The results of the U.S. midterm elections fell in line with expectations, with Democrats winning control of the House of Representatives and Republicans maintaining control of the Senate. That should spell good news for U.S. markets, although some potential risks also lie ahead, according to BMO market professionals.
“From an equity perspective, this could be a best-case scenario in terms of less rhetoric from both sides,” said Brian Belski, BMO Capital Markets Chief Investment Strategist. “Also, stocks run on fundamentals. Earnings growth has stabilized dramatically, and we believe U.S. equities are poised for a very strong recovery heading into 2019.”
The U.S. economy similarly has exhibited strong momentum. Mike Stritch, Chief Investment Officer of BMO Wealth Management U.S., noted that the midterm results are likely to have a limited impact on that trajectory.
“There are three material ways Congress can impact a $20 trillion economy: tax policy, fiscal spending and regulatory changes,” Stritch said. “All three of those levers have previously been pulled and are now tailwinds to economic growth. We are comfortable with our moderate-overweight position on risk assets, with a particularly favorable view on U.S. equities.”
Equity and Currency Markets
Stritch noted that from a historical perspective, U.S. equity markets are poised for a strong run. “Going back to 1946, the S&P 500 has risen in every 12-month period following the midterms,”1 he said. Stritch added that valuations are reasonable, while fiscal stimulus should remain a tailwind in 2019. And while October was a rough month for equity markets, the underlying fundamentals remain strong, indicating that the recent pullback is likely a temporary setback.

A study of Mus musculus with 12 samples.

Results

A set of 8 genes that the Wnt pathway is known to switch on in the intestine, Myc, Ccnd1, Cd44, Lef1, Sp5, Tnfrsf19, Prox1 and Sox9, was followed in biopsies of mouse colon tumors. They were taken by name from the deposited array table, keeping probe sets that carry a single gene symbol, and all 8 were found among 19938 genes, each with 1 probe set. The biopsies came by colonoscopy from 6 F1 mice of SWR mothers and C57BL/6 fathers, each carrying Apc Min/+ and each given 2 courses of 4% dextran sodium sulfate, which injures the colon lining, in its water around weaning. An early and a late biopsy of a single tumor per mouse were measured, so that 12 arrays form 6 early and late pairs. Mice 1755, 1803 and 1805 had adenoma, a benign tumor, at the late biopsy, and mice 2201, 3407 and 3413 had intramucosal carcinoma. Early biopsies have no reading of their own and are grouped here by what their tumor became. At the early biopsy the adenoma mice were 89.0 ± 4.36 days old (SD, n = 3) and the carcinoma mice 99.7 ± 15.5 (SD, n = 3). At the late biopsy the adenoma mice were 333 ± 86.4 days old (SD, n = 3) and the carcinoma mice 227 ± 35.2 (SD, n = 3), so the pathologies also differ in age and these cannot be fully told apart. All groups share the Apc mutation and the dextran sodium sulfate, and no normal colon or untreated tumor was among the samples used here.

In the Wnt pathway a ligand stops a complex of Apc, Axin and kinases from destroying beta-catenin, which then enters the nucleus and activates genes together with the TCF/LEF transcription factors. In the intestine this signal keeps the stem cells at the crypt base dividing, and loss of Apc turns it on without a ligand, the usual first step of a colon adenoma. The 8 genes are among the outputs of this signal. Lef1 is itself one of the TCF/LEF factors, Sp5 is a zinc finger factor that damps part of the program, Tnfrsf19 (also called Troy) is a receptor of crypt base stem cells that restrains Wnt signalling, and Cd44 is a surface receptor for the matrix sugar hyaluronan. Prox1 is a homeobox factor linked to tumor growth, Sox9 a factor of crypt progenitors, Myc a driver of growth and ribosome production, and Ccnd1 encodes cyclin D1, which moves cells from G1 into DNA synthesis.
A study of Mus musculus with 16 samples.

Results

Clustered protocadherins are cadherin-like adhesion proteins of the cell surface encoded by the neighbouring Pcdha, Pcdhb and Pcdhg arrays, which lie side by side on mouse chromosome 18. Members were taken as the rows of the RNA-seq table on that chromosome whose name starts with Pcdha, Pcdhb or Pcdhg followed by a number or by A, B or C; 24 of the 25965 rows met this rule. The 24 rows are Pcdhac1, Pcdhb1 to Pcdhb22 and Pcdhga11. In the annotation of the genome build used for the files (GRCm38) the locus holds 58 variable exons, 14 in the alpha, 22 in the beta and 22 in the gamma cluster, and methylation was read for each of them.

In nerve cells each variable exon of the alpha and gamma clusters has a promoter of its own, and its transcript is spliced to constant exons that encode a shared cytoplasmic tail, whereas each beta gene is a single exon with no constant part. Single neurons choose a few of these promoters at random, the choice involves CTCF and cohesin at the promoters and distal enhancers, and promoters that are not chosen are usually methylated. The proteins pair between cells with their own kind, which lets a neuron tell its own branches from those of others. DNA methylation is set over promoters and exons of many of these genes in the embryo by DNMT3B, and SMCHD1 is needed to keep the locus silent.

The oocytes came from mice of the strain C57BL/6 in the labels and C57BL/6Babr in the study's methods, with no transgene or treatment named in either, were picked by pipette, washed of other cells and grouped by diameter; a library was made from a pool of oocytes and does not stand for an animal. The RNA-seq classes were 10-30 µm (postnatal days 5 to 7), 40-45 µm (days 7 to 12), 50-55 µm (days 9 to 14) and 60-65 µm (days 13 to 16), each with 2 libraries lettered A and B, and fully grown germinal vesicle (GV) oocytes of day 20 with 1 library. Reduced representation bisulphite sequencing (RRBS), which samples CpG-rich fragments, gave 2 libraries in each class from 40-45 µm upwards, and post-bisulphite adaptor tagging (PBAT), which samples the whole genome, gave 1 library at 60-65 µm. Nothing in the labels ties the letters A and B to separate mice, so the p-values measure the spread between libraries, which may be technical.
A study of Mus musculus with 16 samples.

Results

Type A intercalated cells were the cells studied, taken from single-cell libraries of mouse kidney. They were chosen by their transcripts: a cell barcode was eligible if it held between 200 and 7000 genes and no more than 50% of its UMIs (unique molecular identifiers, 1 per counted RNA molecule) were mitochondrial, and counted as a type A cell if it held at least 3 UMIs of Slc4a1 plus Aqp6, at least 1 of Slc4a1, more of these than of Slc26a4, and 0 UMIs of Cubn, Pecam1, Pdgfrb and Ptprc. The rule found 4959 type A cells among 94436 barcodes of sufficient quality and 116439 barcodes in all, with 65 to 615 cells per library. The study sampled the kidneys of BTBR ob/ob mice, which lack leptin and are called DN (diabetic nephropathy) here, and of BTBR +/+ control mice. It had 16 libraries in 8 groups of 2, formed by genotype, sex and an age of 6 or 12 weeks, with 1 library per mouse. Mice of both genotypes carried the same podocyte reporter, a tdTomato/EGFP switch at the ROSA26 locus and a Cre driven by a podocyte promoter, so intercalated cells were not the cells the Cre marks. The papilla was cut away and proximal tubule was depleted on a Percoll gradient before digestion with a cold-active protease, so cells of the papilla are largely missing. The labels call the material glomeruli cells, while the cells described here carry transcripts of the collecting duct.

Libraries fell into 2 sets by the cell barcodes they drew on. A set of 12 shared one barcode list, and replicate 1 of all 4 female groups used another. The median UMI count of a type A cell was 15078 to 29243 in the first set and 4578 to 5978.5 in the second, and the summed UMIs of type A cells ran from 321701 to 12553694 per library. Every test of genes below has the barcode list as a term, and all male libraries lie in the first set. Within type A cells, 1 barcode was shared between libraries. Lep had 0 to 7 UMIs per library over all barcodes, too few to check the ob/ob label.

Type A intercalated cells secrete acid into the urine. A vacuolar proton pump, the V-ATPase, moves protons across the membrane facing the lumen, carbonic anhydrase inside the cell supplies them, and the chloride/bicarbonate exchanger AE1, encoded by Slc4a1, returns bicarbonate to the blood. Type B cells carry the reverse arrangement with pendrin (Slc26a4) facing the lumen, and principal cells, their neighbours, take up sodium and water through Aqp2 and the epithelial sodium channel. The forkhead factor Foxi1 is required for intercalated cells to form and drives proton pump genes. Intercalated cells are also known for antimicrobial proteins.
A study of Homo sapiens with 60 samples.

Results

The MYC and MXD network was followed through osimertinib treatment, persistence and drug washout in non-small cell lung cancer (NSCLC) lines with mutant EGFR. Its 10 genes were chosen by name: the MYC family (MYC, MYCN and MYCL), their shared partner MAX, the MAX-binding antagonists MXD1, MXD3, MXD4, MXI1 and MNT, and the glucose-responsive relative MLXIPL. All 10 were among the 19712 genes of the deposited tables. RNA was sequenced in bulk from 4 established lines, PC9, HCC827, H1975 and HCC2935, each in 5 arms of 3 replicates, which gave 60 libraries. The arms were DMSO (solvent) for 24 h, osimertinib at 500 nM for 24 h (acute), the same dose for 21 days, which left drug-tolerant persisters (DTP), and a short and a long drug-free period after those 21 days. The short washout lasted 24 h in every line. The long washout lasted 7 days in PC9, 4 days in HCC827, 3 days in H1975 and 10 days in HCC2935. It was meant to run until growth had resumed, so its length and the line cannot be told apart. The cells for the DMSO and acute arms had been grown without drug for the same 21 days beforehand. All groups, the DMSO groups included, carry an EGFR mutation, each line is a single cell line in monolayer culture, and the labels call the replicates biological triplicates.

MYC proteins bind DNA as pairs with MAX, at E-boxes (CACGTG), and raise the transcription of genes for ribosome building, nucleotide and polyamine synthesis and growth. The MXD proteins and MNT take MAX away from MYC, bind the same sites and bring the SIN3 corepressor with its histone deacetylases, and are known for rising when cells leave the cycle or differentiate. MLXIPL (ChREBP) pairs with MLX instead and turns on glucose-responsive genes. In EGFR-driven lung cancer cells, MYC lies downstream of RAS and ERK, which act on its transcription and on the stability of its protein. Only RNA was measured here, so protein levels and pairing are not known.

“Although interest rates are trending up, real rates—the difference between nominal interest rates and inflation—are still close to zero,” Stritch said. “Periods of protracted stock declines also tend to correspond with periods of earnings contractions and overall recessions. While earnings growth may have slowed in the third quarter, we’re still forecasting 7- to 10-percent growth for fiscal 2019, which is a very good number by historical standards.”
The October jobs report signaled that employment growth is solid while wages grew 3.1 percent year over year,2 which should be favorable for consumer spending while inflation remains contained. But Jon Adams, Portfolio Manager at BMO Global Asset Management, warns that higher payrolls introduce potential risks.
“The Fed has indicated that they may need to raise rates above what they consider a neutral rate,” Adams said. “A hike in December and two more next year would get them close to what they consider a neutral level. If they need to raise rates three or even four times next year, that could potentially weigh on equities.”
On the currency side, the U.S. dollar was lower across the board in the wake of the elections. But Greg Anderson, BMO Capital Markets Global Head of Foreign Exchange Strategy, believes the strong economy and ongoing trade skirmishes—particularly with China—should be positive for the U.S. dollar on a three-to six-month horizon. “Trump has pursued this policy and it hasn’t cost him much politically,” he said. “For many politicians, losing the House would make them more cautious in their dealings with China in the way that Presidents Obama and George W. Bush were cautious. But Trump is not so risk averse, so this election is unlikely to change his approach.”